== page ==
The USS Independence (LCS-2) underway in the Atlantic Ocean off the coast of Florida. (Photo credit: U.S. Navy photo by Trevor Welsh, mass communications specialist 2nd-class


While the U.S. economy limps along to a slow recovery and has successfully dodged a possible double dip recession, the federal government still faces concerns over a growing deficit, which is on track to pass the $1 trillion mark for the fourth year in a row after hitting $198.2 billion in March, an all-time high for the month.

Neither Congress nor the Senate seem likely to agree on what policies for the fiscal year (FY) 2013 budget request will best reduce the deficit, especially during an election year, leading many in Washington, D.C., to expect more stalling in the process and potentially additional continuing resolutions from Congress later this year.

The following article outlines the White House’s proposed FY 2013 budget, released in February, with a specific focus on ocean-related government programs.


Navy Budget
The U.S. Navy’s FY 2013 budget is $155.9 billion, which is a $1.4 billion decrease from FY 2012, as well as $9.5 billion below the planned FY 2013 total included in the FY 2012 budget.

The budget allots $49.9 billion for operations and maintenance, $42.5 billion for procurement, $16.9 billion for research and development, $2.4 billion for infrastructure, $14.2 billion for overseas contingency operations and $44.2 billion for military personnel. Military basic pay in general would increase by 1.7 percent.

The future years defense plan (FYDP) would undergo $58 billion in cuts. The Navy’s fleet size would decrease to 280 ships by the end of the FYDP. Deployable battle vessels would be reduced to 284 ships, including 11 aircraft carriers, 31 large amphibious ships, four guided-missile submarines and 55 nuclear-powered attack submarines. Seven Ticonderoga-class cruisers would be decommissioned over FY 2013 and FY 2014 to lower fleet operating costs, and procurement and installation of combat systems.

In his testimony for a Senate Committee on Energy and Natural Resources hearing in March, Navy Secretary Ray Mabus said, “Despite fiscal challenges and having to decommission seven ships, our shipbuilding plan will enable us to maintain the same size fleet at the end of the five-year budget cycle that we have today, and before the end of the decade, we will once again reach a 300-ship fleet.”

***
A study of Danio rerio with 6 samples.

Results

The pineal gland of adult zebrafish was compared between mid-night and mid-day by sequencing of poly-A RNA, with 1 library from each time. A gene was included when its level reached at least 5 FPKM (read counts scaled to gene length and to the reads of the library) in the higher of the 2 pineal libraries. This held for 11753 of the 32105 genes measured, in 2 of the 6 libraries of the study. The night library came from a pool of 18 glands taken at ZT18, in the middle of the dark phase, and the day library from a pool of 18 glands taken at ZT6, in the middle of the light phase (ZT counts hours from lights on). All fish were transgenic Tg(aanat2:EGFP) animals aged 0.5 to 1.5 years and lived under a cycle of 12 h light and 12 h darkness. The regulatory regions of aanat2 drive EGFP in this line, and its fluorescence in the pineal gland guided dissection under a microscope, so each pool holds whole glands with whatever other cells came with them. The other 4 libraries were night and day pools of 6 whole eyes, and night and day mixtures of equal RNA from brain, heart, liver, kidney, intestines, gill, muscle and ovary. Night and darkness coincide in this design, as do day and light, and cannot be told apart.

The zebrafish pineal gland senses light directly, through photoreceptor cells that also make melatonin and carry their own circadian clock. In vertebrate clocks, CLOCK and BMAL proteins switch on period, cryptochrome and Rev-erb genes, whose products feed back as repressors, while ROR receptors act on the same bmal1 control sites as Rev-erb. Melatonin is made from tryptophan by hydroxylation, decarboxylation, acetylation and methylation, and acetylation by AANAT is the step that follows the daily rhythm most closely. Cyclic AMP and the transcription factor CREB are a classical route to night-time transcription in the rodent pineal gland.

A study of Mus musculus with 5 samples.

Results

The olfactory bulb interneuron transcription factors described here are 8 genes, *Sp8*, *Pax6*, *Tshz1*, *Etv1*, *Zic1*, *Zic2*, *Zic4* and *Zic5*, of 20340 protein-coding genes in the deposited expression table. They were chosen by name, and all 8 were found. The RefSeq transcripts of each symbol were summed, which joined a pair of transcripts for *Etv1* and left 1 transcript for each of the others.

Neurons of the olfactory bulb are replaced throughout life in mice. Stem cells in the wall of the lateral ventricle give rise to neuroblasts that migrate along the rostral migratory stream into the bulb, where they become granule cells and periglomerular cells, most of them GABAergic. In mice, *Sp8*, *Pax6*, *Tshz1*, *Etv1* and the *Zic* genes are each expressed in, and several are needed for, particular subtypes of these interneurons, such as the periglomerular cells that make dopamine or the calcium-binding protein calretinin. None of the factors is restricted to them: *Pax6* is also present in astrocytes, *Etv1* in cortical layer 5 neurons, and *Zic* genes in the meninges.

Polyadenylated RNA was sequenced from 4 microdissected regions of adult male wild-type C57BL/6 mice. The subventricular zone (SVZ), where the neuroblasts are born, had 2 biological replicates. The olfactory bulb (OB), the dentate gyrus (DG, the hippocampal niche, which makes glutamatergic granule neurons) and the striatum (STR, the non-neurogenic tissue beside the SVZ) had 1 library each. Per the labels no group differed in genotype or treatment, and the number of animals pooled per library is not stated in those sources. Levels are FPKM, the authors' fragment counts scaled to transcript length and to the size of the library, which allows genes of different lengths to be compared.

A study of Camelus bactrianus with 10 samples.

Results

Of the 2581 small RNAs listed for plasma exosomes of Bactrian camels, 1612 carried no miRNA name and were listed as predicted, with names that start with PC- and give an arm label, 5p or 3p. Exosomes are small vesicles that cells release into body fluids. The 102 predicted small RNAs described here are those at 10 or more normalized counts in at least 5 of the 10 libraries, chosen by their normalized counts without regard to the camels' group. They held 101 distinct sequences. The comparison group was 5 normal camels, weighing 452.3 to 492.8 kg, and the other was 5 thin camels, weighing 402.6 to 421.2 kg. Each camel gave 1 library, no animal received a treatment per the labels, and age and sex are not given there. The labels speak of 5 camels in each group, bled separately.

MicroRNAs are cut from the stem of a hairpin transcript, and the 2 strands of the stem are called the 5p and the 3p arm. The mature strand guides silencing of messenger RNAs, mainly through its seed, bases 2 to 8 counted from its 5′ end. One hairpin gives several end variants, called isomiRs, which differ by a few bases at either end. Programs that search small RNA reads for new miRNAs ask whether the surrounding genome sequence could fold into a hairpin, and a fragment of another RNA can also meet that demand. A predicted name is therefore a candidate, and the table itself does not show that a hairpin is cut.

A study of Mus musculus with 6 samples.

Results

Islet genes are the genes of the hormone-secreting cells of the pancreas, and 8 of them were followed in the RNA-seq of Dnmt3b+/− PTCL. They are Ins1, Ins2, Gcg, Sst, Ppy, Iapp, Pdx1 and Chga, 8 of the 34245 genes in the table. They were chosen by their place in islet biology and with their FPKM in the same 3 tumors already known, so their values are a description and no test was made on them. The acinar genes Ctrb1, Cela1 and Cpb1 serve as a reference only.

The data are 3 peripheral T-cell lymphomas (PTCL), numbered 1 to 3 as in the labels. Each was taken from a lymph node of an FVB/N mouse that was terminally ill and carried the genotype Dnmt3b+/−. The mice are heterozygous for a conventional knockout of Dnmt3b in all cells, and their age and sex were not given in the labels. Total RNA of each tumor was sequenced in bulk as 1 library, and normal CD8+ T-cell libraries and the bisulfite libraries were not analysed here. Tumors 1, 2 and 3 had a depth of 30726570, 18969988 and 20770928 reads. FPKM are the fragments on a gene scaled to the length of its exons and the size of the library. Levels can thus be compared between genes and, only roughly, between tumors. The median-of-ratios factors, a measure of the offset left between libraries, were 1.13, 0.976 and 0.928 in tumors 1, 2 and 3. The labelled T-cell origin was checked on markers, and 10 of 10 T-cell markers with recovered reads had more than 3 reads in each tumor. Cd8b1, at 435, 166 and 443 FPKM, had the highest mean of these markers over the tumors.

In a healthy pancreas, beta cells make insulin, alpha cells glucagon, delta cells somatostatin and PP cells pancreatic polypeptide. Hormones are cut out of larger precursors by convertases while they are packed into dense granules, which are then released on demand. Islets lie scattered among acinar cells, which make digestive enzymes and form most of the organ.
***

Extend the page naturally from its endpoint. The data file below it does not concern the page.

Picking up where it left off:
Procurement funds would allow for 10 new-construction ships in FY 2013: one CVN, two attack submarines (SSNs), two DDG 51s, one joint high-speed vessel (JHSV) and four littoral combat (LCS) ships. The budget would fund 41 ships across the FYDP. Virginia-class procurement would be reduced from 10 to nine SSNs. Development funding would also be cut for the Ohio-class replacement program.

The budget would continue to fund the development of sea-based intelligence, surveillance and reconnaissance (ISR) systems and other maritime capabilities, such as Fire Scout, small tactical unmanned air system (STUAS) and broad area maritime surveillance (BAMS).

Aircraft procurement would be funded for 192 airframes in FY 2013 and 765 airframes across the FYDP. There would be decreased aviation quantities for F-35 B/C, C-40A, KC-130J, P-8A, MV-22B, MH-60R and E-2D aircraft.

The budget would lay the foundation for increased Forward Deployed Naval Forces (FDNF) in various locations, most notably in Rota, Spain. Resources would be alloted to forward station LCS in Singapore and patrol craft in Bahrain.

Fuel costs are another concern for the Navy. Mabus argued during the March Senate hearing that shifting toward renewable energy sources would reduce expenses. “This is not about choosing either ships or alternative fuels, this is about building ships and using alternative fuels.”